Judge Kicks Out HMRC Stamp Duty Claim
A couple had won a row with HMRC over if they should have paid more stamp duty when they bought a derelict bungalow that was unsuitable for them to live in.
HM Revenue & Customs challenged the claim by Paul and Nikki Bewley that the bungalow in the West Country seaside town of Weston super Mare was a wreck.
HMRC argues that they were investors who should have paid a higher stamp duty rather than £1,500 and that the property was still home even though it was riddled with asbestos and had no heating or boiler.
A revised stamp duty bill was then sent demanding a £7,500 payment.
The couple presented HMRC with reports from specialists who said their work included a destructive survey smashing holes in walls, floors and ceilings, describing the home as a ‘derelict bungalow to be demolished’.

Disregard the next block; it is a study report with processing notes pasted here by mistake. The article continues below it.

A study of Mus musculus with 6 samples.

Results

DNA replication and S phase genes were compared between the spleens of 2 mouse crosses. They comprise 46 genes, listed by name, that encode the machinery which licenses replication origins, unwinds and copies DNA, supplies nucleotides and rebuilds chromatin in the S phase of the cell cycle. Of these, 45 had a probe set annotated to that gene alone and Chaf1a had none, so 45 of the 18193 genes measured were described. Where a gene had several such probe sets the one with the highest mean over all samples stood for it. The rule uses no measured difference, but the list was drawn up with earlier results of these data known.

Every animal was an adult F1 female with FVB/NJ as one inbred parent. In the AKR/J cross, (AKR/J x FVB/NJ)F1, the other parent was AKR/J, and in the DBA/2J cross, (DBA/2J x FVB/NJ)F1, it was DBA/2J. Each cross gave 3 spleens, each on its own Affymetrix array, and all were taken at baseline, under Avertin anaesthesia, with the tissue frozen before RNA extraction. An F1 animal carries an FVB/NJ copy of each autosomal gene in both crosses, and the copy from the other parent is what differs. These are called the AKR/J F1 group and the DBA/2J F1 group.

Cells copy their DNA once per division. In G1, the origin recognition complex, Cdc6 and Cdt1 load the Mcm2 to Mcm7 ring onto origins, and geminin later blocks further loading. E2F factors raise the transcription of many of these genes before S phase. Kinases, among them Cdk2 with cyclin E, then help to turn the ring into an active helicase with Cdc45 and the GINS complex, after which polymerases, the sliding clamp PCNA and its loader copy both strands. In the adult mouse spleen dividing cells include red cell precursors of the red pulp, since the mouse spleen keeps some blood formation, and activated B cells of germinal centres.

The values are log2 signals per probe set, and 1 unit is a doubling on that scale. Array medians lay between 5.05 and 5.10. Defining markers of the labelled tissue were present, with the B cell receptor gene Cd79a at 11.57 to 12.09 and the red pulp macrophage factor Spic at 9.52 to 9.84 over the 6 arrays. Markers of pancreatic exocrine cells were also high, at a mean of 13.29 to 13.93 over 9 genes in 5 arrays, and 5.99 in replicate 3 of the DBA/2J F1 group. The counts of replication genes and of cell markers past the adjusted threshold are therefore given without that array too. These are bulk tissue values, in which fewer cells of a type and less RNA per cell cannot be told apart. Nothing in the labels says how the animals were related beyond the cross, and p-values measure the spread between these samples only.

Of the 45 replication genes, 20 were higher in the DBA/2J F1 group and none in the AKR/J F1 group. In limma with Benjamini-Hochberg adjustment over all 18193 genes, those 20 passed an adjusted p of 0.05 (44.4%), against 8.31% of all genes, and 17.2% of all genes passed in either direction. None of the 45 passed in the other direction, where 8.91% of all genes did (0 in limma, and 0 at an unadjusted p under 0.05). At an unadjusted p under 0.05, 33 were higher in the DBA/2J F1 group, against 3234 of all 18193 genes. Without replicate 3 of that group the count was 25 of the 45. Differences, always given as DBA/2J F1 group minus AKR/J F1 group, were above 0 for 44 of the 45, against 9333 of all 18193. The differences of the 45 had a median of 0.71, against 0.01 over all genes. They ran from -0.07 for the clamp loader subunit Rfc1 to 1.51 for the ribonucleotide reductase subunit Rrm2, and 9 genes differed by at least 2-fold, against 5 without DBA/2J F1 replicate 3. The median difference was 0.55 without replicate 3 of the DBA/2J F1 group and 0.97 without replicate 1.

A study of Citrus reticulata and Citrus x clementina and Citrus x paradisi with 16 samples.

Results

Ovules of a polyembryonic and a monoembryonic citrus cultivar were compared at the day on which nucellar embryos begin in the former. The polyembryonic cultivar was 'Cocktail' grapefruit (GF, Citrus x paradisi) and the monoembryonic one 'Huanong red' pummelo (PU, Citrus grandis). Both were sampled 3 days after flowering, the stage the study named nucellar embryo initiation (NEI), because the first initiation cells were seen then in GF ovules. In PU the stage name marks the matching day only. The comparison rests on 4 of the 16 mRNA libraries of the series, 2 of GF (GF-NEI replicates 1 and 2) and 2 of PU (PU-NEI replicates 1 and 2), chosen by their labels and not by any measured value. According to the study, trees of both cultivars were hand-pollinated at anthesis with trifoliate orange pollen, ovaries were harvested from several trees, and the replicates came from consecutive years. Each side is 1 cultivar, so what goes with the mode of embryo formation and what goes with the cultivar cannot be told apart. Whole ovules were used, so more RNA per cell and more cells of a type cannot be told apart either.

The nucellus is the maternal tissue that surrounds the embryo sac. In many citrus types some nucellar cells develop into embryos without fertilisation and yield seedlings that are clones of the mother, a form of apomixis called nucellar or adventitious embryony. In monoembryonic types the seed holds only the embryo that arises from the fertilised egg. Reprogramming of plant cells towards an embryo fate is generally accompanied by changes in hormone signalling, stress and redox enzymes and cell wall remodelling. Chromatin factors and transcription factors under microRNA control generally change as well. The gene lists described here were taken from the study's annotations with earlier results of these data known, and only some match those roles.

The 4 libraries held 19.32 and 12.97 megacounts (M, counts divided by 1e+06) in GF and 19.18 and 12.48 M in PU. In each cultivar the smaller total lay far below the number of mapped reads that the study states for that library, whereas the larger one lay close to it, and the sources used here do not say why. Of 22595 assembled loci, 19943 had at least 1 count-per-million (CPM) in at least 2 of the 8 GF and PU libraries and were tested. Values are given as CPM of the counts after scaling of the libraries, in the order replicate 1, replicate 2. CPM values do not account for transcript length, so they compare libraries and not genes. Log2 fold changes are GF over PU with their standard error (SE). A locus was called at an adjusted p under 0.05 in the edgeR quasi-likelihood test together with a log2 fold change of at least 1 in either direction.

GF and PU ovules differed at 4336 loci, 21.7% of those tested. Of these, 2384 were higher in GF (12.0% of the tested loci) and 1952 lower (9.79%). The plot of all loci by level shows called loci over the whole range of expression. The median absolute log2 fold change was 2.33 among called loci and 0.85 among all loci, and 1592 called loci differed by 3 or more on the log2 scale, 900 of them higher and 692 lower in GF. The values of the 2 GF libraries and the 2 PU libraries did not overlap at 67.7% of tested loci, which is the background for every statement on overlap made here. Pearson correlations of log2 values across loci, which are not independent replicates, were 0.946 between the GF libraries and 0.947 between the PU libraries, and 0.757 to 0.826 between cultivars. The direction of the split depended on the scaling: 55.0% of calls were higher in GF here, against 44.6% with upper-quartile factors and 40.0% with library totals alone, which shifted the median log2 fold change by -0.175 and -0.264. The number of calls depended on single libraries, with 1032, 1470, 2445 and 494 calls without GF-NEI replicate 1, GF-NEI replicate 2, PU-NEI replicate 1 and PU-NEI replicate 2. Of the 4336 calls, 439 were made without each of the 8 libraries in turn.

But HMRC insisted the property was a home and repeated demands for the extra cash.
The Bewleys appealed the tax assessment to the First-Tier Tribunal, sitting in Bristol.
HMRC argued that a dilapidated property does not stop being suitable as a home. Still, Judge Richard Haarer said this was irrelevant, and the real test was if the property was a home when purchased, not at some time in the future.
“The purchase of the land and building by the appellant, given our decision that the building was not suitable to be used as a dwelling and the fact that it was not so used at the time of purchase, means that it was non-residential,” he said.
The judge explained that this meant non-residential stamp duty rates should apply and decided HMRC had overcharged the couple stamp duty, reduced the assessment to £1,000 and upheld their appeal.
HMRC was given leave to appeal the decision.